A bill introduced yesterday by New York City councilman and LGBT rights activist Corey Johnson aims to change the law under which transgender people wishing to change sex on their birth certificate must prove that they have had “corrective surgery”
A bill introduced yesterday by New York City councilman and LGBT rights activist Corey Johnson aims to change the law under which transgender people wishing to change sex on their birth certificate must prove that they have had “corrective surgery,” reports Capital New York.
The Department of Health will propose new regulations mirroring Johnson's legislation.
New York City law currently requires anyone wishing to change their birth certificate to undergo surgery. However, under the proposed change, transgender people would only be required to provide a signed form from a physician, a doctoral level psychologist, a licensed clinical social worker, licensed master social worker, physician's assistant, nurse practitioner, marriage family therapist, mental health counsellor or a midwife.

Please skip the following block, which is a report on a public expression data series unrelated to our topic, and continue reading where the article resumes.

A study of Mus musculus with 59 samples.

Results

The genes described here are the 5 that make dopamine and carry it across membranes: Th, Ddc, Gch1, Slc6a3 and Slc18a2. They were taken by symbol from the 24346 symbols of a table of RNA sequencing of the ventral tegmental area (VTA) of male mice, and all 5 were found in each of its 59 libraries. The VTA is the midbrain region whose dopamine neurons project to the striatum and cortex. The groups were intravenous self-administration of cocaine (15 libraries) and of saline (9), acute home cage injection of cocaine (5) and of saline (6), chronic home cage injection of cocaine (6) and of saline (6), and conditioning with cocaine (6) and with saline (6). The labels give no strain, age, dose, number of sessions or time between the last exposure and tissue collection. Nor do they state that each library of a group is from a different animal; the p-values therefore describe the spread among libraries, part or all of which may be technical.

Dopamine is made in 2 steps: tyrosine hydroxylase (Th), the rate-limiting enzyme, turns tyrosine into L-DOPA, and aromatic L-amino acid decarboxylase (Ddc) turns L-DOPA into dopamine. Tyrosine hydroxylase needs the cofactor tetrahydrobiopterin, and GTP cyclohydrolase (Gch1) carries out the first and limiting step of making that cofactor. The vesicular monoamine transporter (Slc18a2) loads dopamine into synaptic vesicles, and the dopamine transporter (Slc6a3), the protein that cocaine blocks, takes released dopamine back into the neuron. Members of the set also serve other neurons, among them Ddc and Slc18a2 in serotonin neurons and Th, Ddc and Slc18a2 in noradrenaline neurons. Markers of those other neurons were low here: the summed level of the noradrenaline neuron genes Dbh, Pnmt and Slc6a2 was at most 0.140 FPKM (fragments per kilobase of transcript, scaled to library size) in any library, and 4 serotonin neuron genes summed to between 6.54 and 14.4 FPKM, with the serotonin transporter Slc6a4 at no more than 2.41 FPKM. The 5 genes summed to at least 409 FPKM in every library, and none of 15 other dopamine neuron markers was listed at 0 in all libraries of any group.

According to advocates, although New York City in 1971 became the first municipality to permit changes to a birth certificate for transgender people, the policy has not been updated and now stands as too restrictive.
Johnson – a former political editor for Towleroad – said that the change is a human rights issue and is necessary “because transgender people currently do not have accurate documents to be able to access basic things like a driver's license that matches who they are.”
“We applaud both of these efforts to help transgender people born in New York City update their birth certificates to match who they truly are. These proposed policy changes reflect modern medical standards for transgender health care.
"A birth certificate is a fundamental form of identification. Yet New York City’s existing policy makes it all but impossible for transgender people to get birth certificates that reflect their true identities. It requires surgical procedures that most transgender people have not undergone, either because of discriminatory health insurance exclusions that make such procedures unaffordable, or because such procedures are medically inappropriate for some people.”